Talking to people who I know is hard enough. But ask me to talk to strangers? Well, I’d rather be doing calculus problems.
Imagine, though, that I don’t have a choice. Imagine a world where I cannot choose calculus over conversation. Then, I focus on asking good questions and follow ups, which takes some of the pressure off of having to say something interesting. I should note, though, that I listen with genuine interest and ask for more information because I want to learn more.
Because talking to strangers is inescapable, it’s usually top-of-mind. Lately, it seems to be top-of-mind for others as well. I’ve come across several “conversation strategies” articles in the past few months that have just been sitting in open browser tabs. I decided that I had to do something with them. So, here are a few of my new favorite ideas.
A growing chorus of conversationalists are trying to kill off the classic “so, what do you do?” but sometimes, you can’t avoid it. When it comes up, I’ve had some success with this tip from Austin Kleon (who stole it from Paul Ford). Here’s Paul Ford:
“Just ask the other person what they do, and right after they tell you, say: “Wow. That sounds hard.” Because nearly everyone in the world believes their job to be difficult.”
This can get people to open up a bit more about the specifics of what they do and some of the challenges.
Next, game designer Jamey Stegmaier recommends that you come prepared:
9. Always enter social situations with an answer to “What have you been up to lately?” Also, instead of asking that question, help the person with more constraints (e.g., “What did you do this past weekend?” or even more specific: “Did you try out any new restaurants this past weekend?”)
It sounds silly now, but before reading Jamey’s article, I had never considered having an answer for this question at the ready. It always comes up, especially with a) my mother and b) mid-level friends who I haven’t seen in a few months. I think it helps to remember that while you have intimate knowledge of your own life such that very little seems interesting (unless you just got back from a big trip or changed jobs), the other person will usually be happy to learn something you consider small, like that you just went to your favorite restaurant, saw a new movie, or completed a project at work.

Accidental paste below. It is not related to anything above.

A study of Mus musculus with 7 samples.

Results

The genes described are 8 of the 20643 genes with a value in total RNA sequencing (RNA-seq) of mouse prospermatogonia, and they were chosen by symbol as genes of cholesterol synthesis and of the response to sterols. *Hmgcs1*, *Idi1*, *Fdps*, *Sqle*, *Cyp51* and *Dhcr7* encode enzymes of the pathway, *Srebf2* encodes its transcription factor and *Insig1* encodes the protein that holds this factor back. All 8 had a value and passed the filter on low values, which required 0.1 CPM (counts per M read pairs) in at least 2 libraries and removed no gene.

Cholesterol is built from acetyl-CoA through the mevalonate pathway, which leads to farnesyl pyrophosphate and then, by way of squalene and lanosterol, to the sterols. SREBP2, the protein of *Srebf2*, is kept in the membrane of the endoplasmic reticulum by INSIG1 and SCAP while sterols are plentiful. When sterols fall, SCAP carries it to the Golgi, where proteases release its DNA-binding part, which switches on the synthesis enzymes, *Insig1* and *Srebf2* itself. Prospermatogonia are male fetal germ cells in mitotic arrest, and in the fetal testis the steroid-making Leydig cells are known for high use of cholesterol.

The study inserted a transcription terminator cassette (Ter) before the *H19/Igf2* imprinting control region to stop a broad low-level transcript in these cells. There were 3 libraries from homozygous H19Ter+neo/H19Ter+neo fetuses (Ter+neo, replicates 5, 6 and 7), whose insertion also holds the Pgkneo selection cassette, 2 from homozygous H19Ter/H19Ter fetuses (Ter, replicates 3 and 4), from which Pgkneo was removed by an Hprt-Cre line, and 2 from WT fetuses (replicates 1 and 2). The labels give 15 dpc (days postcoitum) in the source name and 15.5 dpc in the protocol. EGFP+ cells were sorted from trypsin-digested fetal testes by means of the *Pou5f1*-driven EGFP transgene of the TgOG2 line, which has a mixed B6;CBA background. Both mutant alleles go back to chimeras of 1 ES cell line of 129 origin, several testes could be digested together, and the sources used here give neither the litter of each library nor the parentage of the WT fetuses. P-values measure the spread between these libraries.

Finally, blogger Lama Al Rajih (via Tyler Cowen), has posted a long list of interesting questions to try. Some of them seem like bummers and I’d be hesitant to bring up topics like regret or loss with people I don’t know, but I am looking forward to trying the more neutral-to-positive ones like:
-What simple thing still blows your mind?
-What taste do you have that most people don’t have, where does it come from, and how has it helped you?
-What is the most significant thing you’ve changed your mind on in the last year? Why did you change your mind about it?
-Which question can you ask to find out the most about a person?
-What color best describes your personality?
But my favorite is:
“There are two types of people in this world. What are the two types?”
The first thing that comes to my mind is “young” and “old.” Not in years but in spirit.
Each Monday, I share strategies to help you pursue your passions. Try it. You’ll like it.